Boris Johnson will not pay for conductors to staff his "new Routemaster" and will not supply extra funding to police them either he confirmed today.
Speaking to the London Assembly he said that:
"We're confident that we can use our existing resources to make sure that whenever the open platform is open, which will be a lot of the time, there will be someone in uniform to help oversee."
However, despite promising them in his manifesto, there will be no "old fashioned conductors" on the buses:
"When it is running in open platform mode as it will on busy streets in the centre of town... then clearly there will be someone on the bus in uniform who will helping passengers. There won't be an old fashioned conductor because there's no need to take tickets in the same way, but there will be someone in uniform to help customers."
He said that the "uniformed presence" would comprise instead of existing fare evasion teams and Police Community Support Officers
Labour Assembly Member Val Shawcross pressed the Mayor today on whether these officers would be taken away from their normal duties.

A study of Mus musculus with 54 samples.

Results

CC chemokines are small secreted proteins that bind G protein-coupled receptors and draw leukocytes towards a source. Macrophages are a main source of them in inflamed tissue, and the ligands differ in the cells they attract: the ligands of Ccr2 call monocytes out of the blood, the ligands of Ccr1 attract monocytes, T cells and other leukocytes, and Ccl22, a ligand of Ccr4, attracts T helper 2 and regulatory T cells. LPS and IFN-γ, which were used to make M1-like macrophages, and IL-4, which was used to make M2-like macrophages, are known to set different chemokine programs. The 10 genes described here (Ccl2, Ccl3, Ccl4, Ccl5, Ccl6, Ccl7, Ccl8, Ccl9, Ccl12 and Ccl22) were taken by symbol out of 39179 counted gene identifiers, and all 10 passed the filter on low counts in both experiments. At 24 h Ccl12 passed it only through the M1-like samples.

The Mayor refused to be drawn on this but insisted that it was "not beyond the wit of man" to manage staff on the new buses.
When there is no extra staff to mind them, the platforms will be closed with what Boris called a "shower curtain type jobby."
These will also be closed in the evenings, making the "new Routemasters" appear for all intents and purposes to be standard double deckers for much of the time.
The final designs have had a mixed reception so far with many criticisms focusing on the high cost and lack of "Routemasterishness" about the plans.
The first model is not expected to appear until the end of 2011 with only five being built before the end of Boris's first term.